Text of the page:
Dental Implants vs Dentures

Teeth tend to become weaker over time, even if they are well taken care of, unfortunately. Certain factors, like family history and poor eating or brushing habits, can also weaken teeth. In some cases, teeth may even crack or fall out. When this happens, people often want to replace the fallen teeth for a variety of reasons. For one, it helps them regain their smile and confidence. It can also help people eat and even speak easier. All of these reasons make looking into viable tooth replacement options a good idea. Dentures and dental implants are two of the most popular dental procedures that help people who have lost their teeth.

Dental Implants

Dental implants are directly implanted into the gums and jaw, used for supporting crowns, bridges, and even dentures, and can be either permanent or removable. Depending on the type of implant and the healthcare routine of the recipient, implants can last 10-15 years.

Pros – People claim that they feel more natural compared to dentures. Permanent implants also won’t move around as some ill-fitted dentures might, meaning they won’t potentially pop out and cause embarrassment, nor will they create sores from extra movement. In addition to bringing these comforts, implants can enhance people’s ability to chew and taste. In the past few years, implants have been an increasingly popular solution for tooth replacement. In fact, some experts believe that they might entirely replace dentures.

Cons – Unfortunately, dental implants can be costly. Prices vary depending on the type and amount of implants. According to the FDA, single crown can range between $1,000 – $3,000, although some can be significantly more expensive, especially if multiple teeth need to be replaced.

Dentures

Dentures are removable dental prostheses. Depending on the type of dentures and how well cared for it is, they can last 5-10 years on average. Dentures can be for either the top of the mouth or the jaw; full sets are two plates, one for the top and one for the bottom.

Pros – Like implants, dentures can help improve the confidence, speech, and chewing ability of the user. They are also typically cheaper than implants, with a complete plate costing anywhere from $300 to $5,000; this price is doubled for a complete set (top and bottom).

Cons – Unfortunately, dentures generally don’t feel natural. Some people may experience uncomfortable side effects like an initial surge of excess salivation or a choking or gagging sensation. They may also create sore spots from them moving around if not properly fitted. Ill-fitted dentures might even pop out, causing embarrassment for the user. Furthermore, if not properly cared for, they can cause health problems for the person wearing them, like bad breath or possibly even tooth decay. A stringent cleaning and maintenance routine is needed to ensure dentures last a while and don’t cause further dental problems.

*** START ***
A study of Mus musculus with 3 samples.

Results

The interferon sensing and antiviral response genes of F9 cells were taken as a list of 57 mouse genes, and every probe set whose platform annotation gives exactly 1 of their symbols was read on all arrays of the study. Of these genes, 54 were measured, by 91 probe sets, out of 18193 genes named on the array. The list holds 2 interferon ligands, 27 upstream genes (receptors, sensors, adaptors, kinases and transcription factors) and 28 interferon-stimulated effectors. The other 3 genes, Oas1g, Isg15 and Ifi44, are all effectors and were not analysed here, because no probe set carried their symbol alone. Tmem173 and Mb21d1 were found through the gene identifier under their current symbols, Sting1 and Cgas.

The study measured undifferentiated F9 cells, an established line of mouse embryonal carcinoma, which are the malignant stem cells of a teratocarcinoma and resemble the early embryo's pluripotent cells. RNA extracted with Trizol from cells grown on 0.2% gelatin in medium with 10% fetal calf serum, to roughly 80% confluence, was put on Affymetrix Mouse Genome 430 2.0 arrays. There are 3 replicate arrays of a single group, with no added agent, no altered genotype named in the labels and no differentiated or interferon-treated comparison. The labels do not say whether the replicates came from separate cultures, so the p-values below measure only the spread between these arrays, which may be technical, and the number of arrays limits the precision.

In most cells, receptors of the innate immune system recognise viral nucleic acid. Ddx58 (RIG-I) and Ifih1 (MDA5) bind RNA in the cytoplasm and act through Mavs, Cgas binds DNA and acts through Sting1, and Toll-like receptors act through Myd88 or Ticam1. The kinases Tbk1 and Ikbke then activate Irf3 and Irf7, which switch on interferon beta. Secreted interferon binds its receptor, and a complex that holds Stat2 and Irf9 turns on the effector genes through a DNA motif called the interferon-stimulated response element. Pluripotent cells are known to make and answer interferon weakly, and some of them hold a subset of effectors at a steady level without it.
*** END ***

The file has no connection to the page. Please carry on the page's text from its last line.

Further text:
Insurance

Many insurance companies will not cover either dental implants or dentures, or possibly both. This is because most dental insurance plans primarily cover preventative measures and procedures, like regular check-ups to help prevent tooth decay or other issues from occurring. Dental implants are largely considered cosmetic procedures, meaning that many insurance companies won’t cover the cost. Dentures, too, are not always covered by insurance because they are often categorized as a restorative or cosmetic procedure.

Medicaid is more likely to provide more comprehensive coverage for children recipients, but not always for adult Medicaid recipients. Different states will provide different types of coverage, so be sure to check out local state offices for more information.

Medicare, too, largely does not cover dental care. Certain Medicare Advantage plans can cover routine services, but not dentures.

Checking into individual insurance companies and asking specifically about available dental plans and coverage is a good way to find a company that can provide adequate coverage for individuals needing dental work.


  1. Confucius was not, in fact, the philosopher's real name. His given name was Kong Qi, but he would also have been referred to as Zhngn the Zhong referencing the fact that he was the second son in the family.
  2. Many historians believe that Confucius was born on September 28, 551 BCE near the modern city of Qufu, China, which was at the time known as the Zou district. During this period, the Zou was controlled by the Zhou dynasty.
  3. The most well-known philosophies in Confucianism is the Golden Rule: "you shall not do unto others what you do not want others to do unto you." Confucius believed that instead of imposing rules through punishment, the government should rule by example instead.
  4. The First Emperor of the Qin Dynasty was not a fan of freedom of speech. During the construction of the Terracotta Army, he ordered the burning of all treaties and decrees he didn't like.
  5. Whether or not Confucianism counts as religion remains a big question up to this day. Over the years, Chinese governments have not been sure how to define it. When Christians were asked for their opinions, things got even more confusing.
  6. Confucian philosophies have made their way into Chinese culture in many of its finer aspects. The Imperial Examination is only one of the methods derived from the belief system.